Dall, John


Dall, John
(May 26, 1918–January 15, 1971)
   Born John Dall Thompson, Dall appeared in stock productions all over the United States in the 1930s and ’40s, prior to his emergence as a leading man on Broadway and in Hollywood. A native of New York City and the son of an army civil engineer, Dall studied at the Horace Mann School and at Columbia University, where he too studied engineering. He abandoned that pursuit to devote himself to the stage. While attending Theodora Irvine’s Dramatic School for two years, Dall spent his summers at the Chase Barn Playhouse at Whitefield, New Hampshire, and the Lakewood Theater in Skowhegan, Michigan. He also studied at the Pasadena Playhouse and the Petit Theater in New Orleans. Dall subsequently joined Clare Tree Major’s Children’s Theater and toured the country for 10 months as Little John in Robin Hood. This stint involved 400 performances, spread out over 30,000 miles, which the troupe traversed in trucks. After six years of stock work, Dall took a stab at Broadway and played two roles simultaneously, in the revival of R. U. R. , at the Ethel Barrymore Theater, and in Janie (1943), at the Henry Miller Theater. Playbill reported, “Although the two theatres weren’t very far apart, he had to make three complete costume changes—one for each act—which meant literally dashing in and out of each house just in time to make his scene. ” Dall then landed the role of Quiz West in Eve of St. Mark, appearing in both the Broadway and Chicago companies. This part won him a contract with WARNER BROS. , where Dall’s first screen assignment was the leading male role, opposite Bette Davis, in The Corn is Green (1945). Bosley Crowther of the New York Times found the performance “a shade too theatric,” but it nonetheless won John Dall an Oscar nomination.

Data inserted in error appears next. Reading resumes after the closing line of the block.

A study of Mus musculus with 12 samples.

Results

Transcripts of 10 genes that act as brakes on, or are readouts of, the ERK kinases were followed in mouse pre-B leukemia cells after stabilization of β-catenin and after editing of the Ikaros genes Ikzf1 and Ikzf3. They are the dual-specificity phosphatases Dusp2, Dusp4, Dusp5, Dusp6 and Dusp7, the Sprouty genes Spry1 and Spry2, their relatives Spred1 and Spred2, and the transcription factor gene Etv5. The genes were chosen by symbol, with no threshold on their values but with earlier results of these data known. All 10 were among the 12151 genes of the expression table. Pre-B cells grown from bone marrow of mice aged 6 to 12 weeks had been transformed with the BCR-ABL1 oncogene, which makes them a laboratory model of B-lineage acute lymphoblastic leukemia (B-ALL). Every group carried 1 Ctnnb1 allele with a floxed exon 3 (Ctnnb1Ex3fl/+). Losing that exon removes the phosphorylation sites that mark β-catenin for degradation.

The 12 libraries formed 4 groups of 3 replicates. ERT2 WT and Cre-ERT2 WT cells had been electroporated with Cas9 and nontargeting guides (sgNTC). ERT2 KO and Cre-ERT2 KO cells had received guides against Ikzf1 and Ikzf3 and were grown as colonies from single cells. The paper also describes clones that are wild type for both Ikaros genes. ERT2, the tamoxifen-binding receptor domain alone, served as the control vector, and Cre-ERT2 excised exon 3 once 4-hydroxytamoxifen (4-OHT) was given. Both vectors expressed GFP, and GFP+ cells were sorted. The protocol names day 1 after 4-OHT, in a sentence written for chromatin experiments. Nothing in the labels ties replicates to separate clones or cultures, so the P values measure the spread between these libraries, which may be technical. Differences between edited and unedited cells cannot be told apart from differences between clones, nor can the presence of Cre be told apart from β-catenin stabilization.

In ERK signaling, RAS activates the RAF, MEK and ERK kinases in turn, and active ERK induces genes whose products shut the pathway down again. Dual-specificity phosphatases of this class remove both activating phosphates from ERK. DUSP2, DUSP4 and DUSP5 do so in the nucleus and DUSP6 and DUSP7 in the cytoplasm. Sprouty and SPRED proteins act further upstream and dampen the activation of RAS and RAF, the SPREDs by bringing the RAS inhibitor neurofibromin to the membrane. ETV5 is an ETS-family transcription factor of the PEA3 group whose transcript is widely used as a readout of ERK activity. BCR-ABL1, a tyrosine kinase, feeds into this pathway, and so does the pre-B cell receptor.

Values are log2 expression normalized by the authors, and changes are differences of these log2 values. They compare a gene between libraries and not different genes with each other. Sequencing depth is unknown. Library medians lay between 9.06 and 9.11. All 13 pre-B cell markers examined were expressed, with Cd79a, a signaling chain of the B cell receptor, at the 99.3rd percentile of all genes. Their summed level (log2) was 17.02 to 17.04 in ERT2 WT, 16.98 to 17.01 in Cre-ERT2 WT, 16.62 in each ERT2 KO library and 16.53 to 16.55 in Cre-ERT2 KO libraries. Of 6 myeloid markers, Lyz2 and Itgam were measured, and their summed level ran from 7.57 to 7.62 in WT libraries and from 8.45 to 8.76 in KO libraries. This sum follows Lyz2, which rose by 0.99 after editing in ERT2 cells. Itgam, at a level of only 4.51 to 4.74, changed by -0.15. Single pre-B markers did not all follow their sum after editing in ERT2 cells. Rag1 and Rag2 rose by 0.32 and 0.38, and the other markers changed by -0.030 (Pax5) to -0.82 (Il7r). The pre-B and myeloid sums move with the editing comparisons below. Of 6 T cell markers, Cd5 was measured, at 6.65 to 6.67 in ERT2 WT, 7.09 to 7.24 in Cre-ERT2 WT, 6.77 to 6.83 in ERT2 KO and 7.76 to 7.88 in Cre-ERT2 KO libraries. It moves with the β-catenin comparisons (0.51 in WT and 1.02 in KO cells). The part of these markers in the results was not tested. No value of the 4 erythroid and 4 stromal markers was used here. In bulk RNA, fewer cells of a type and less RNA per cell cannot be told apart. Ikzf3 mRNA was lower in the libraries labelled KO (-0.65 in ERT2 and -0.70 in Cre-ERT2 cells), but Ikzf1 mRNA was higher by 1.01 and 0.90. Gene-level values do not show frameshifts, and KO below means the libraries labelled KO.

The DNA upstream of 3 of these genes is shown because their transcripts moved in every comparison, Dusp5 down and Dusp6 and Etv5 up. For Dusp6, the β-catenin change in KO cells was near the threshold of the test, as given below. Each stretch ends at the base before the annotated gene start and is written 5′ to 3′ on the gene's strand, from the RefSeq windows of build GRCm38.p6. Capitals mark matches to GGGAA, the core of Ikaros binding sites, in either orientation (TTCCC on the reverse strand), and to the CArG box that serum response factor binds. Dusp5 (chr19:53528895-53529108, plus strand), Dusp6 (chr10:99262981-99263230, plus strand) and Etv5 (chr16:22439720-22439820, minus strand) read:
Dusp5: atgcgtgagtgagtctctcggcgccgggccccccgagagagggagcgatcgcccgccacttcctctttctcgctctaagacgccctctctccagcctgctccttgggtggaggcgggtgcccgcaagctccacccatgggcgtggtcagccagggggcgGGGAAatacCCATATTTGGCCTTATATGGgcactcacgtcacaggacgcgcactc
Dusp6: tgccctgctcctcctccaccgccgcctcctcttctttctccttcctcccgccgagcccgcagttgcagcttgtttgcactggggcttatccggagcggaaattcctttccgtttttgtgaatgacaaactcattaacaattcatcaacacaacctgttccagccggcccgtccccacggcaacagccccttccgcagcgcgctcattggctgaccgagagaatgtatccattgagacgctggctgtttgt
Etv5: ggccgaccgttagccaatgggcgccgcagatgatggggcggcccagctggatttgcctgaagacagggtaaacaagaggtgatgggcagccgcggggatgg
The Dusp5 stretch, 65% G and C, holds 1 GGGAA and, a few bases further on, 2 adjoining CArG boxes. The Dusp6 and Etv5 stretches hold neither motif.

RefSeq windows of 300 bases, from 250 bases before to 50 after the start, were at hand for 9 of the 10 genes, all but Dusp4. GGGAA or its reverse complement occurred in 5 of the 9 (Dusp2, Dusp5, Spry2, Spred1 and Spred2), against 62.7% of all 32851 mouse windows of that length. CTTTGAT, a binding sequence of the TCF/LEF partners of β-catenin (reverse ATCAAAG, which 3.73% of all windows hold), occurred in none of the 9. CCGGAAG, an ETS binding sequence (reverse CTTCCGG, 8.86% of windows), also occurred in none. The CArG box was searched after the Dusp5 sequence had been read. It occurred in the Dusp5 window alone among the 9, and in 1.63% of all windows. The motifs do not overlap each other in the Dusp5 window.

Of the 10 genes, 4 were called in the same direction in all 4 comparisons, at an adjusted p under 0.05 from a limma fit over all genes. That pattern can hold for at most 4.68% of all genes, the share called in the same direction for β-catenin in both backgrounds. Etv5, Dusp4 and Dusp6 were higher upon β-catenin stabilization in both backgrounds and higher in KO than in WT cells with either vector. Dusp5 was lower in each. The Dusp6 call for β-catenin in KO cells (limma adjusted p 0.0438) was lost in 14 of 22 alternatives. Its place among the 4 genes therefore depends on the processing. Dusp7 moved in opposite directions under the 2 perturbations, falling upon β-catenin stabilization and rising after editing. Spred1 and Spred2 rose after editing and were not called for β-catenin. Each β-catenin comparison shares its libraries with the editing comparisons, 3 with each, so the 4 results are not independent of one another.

Having seen Dall in The Corn is Green and onstage in Dear Ruth, which were running concurrently, Boston Post critic Prunella Hall noted the “considerable critical acclaim” which had been lavished upon the “tall, not too dark, not too handsome” actor. She went on to compare him to his future Rope (1948) costar, noting, “He looks a bit like Jimmy Stewart with a recalcitrant lock of hair. ” Despite a few major, promising roles, Dall’s film career never really ignited, possibly because some perceived him as cold and distant. Ironically, these qualities served Dall well as the calculating Glabrus in SPARTACUS, which turned out to be his last major screen part.
   Dall’s leading roles in motion pictures included Something in the Wind (1947), Another Part of the Forest (1948; opposite Frederic March), The Man Who Cheated Himself (1950), and most notably, Gun Crazy (1950) and Alfred Hitchcock’s Rope. Some of Dall’s Broadway appearances were in Red Gloves (1949; with Charles Boyer), and the New York City Center revival of The Heiress. He toured in John Patrick’s play, The Hasty Heart, as the Scot. His last major stage appearance was in 1955 in Leslie Stevens’s Champagne Complex. Dall also lent his talents to radio, starring on Theater Guild on the Air in “Quiet Wedding,” with Dana Lynn and Jessie Royce Landis. On television, Dall appeared in such programs as Studio One (1948), Suspense, The Web, Broadway TV Theater, The Clock, and Lights Out.
   References
   ■ “Actor John Dall, 50, Dies on Coast,”New York Post, January 18, 1971;
   ■ “John Dall, 50, Oscar Nominee for ‘Corn is Green’ Role, Dies,” New York Times, January 18, 1971;
   ■ Hall, Prunella,“Tall, Dark, Not Too Handsome,” Boston Post, December 10, 1944; “John Dall,” Playbill, Dear Ruth, December 13, 1944;
   ■ “John Dall” (obituary), Variety, January 20, 1971, 56;
   ■ Playbill, “Season of Choice,” April 13, 1959;
   ■ “Who’s Who,” Born Yesterday theater program, Astor Theatre (Syracuse, N. Y. ), September 29, 1953;
   ■ “Who’s Who,” The Moon is Blue theater program, Lewis Harmon’s Clinton (Connecticut) Playhouse, June 27, 1953.

The Encyclopedia of Stanley Kubrick. . 2002.